Workers can often feel that their efforts to change are not being appreciated. This tends to be perpetuated if managers have been tasked with the default priority of reducing costs. Furthermore, mixed track records with such cost-reduction initiatives means people throughout an organisation can start to ask “what has operations improvement ever done for us?”

This evokes a classic line in British comedy. In the Life of Brian, the character played by John Cleese attempts to incite a mob with the rhetorical question, “What have the Romans ever done for us?” After a flurry of unexpected answers, he is forced to rephrase his point: “Alright, but apart from the sanitation, medicine, education, wine, public order, irrigation, roads, the fresh water system and public health, what have the Romans ever done for us?”

Limited perspectives of operations improvement may have their roots in financial reporting. Senior managers who feel pressure to increase reported profit will naturally look at two line items: ‘sales’ must increase and the ‘cost of goods sold’ must decrease. Sales personnel should be held responsible for increasing sales, and operations personnel should be held responsible for reducing costs, right?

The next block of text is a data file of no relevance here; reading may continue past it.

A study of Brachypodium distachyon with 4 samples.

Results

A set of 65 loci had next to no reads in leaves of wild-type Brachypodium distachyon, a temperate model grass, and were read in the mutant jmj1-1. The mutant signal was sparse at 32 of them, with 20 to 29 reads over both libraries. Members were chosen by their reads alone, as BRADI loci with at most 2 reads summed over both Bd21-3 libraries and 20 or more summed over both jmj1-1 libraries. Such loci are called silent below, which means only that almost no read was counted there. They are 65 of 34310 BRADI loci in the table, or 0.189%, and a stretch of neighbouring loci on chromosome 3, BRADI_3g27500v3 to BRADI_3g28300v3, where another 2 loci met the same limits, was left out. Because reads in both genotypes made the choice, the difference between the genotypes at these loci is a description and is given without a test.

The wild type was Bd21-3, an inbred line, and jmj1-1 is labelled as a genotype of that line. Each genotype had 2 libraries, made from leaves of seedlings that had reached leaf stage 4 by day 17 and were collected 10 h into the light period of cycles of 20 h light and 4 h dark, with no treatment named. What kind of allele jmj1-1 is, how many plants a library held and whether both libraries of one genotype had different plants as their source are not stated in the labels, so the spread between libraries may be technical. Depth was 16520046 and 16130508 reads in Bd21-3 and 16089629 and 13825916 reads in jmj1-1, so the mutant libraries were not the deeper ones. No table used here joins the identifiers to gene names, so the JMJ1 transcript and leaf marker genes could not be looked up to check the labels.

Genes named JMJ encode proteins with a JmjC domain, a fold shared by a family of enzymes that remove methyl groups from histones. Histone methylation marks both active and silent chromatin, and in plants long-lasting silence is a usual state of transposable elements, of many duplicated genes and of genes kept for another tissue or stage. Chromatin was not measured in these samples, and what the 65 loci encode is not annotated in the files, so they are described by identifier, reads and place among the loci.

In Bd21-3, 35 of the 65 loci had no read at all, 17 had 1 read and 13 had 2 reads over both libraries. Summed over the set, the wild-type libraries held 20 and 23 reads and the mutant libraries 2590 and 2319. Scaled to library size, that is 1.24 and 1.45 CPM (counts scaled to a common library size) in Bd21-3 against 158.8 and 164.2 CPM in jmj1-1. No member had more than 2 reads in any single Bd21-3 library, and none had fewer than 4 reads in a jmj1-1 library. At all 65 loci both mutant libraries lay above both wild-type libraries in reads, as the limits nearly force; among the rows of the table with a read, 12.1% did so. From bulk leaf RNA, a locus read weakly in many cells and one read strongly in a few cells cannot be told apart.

COST Further opportunity to reduce costs can always be found, but the intuitive route to achieving this is seldom effective. Cascading cost targets to individual managers creates a one-dimensional, fractured approach which seldom benefits from any change-leadership wisdom. Changes can become petty and organisations start to suffer from a vicious cycle where morale is constrained, which constrains potential and performance, which leads to more cost-reductions, and so on. The good news is that by becoming more strategic about operations improvement, leaders can break out of this cycle. This requires a broader perspective of what their operations influence: not just Cost, but Culture, Capacity, Customer service and Capital. Let’s refer to these as the 5Cs of operations improvement.

Key points include:

●  Capacity constraints

●  Cultural transformation

●  Cascading cost targets

Read the full article, What has operations improvement ever done for us?, on Linkedin.